By Polly Psi
Image from ProCon.org
Over the past few weeks we have attempted to take a sober look at the complex and voluminous health care legislation and to present a clear and simple timeline of changes to take effect during the process of implementation. Discarding the hyperbole and demagoguery of political operatives, we found a lot to like about the bill, and some shortcomings. We shall end this series about health care reform with some observations that are uncovered by a mere timeline.
Clearly, the number of citizens and valid residents eligible for insurance will increase the pool of covered patients. And, if these newly insured people are to be integrated into an already overpriced health care system, changes in the pricing and delivery of services will be necessary.
Chronic illnesses, preventable hospital care, and long-term care are the main factors that drives the increases in patient costs and rising insurance premiums. The reform package as a whole emphasizes prevention and wellness programs, more efficient care management by providers and local long-term care facilities.
The most noticeable change likely to occur is between the patient and the type and the venue of the provider. In order to lower costs, the patient might be initially examined by a physician's assistant, or other trained provider supervised by a physician, but with less training. The patient may not be seen by the physician for common self-limiting diseases, but only for chronic, traumatic, or life threatening illnesses. More research-based protocols are intended to divert patients from specialists to primary care providers.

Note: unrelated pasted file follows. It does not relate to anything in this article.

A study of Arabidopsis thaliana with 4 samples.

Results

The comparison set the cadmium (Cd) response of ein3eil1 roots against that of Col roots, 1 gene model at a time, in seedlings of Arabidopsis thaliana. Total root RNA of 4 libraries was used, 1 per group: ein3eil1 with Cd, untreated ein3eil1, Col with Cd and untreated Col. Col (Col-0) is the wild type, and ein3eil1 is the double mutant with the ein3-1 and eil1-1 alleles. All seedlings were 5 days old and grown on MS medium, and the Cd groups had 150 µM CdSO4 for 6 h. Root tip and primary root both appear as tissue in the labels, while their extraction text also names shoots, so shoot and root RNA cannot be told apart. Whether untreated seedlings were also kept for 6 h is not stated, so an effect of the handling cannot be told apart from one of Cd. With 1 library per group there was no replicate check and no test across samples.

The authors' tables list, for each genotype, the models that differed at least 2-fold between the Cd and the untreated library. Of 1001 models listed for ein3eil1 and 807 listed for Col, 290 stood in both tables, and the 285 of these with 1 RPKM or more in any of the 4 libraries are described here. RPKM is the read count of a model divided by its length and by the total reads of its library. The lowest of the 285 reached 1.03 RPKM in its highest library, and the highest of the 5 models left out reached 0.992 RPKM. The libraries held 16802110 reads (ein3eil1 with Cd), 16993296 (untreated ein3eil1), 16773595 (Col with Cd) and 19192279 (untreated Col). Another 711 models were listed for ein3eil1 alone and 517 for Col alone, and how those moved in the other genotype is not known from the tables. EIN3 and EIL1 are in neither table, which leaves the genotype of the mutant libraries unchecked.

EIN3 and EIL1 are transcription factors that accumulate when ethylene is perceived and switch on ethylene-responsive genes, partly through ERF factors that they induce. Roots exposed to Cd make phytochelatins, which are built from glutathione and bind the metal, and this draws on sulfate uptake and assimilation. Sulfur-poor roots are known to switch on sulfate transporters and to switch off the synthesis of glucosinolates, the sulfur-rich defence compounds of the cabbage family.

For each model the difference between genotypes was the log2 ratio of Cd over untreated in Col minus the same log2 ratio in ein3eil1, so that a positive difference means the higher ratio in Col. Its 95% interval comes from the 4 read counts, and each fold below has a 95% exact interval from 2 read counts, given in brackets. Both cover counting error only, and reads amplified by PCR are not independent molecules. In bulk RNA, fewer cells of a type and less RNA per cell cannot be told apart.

Instead of a hospital emergency room being used for primary care, those patients who are now uninsured will likely have options for care. Those now on Medicaid, the low-income and uninsured, will be encouraged to find a health care "home" that will provide both preventive service and care for illnesses. These "homes" might be located on non-traditional locations such as pharmacies or supermarkets.
Advances in technologies will allow patients to be "examined" with use of video conferencing equipment or by a computer camera. Thereby "office" visits without going to the office. Telemedicine should be particularly useful for the home bound and the 20% of Americans living in doctor-poor areas.
A cloud of data will be established containing general information about the conditions likely to afflict people of a certain ethnicity, socio-economic status, and age. This cloud of data will also contain the records of you and your family. The digitization of medical records and standardization of claim forms should significantly lower administrative costs.
One factor of cost control not reformed by this bill is that of medical malpractice insurance. Unless there is a national plan to control malpractice insurance costs and to cap lawsuit awards, the cost of care and the use of defensive testing is certain to keep rising.
For most people, the health care changes will cause no changes except for some initial administrative paperwork. The health care changes are intended to broaden care to the poorest, sickest, and most elderly among us. This expansion is occurring while simultaneously trying to reduce per capita cost, now the highest in the world. Some decry these changes as the onset of a "nanny nation." We hope the nation will be so fortunate and that the changes are so successful that they approximate the care a nanny provides.
Do you think health care reform will help you?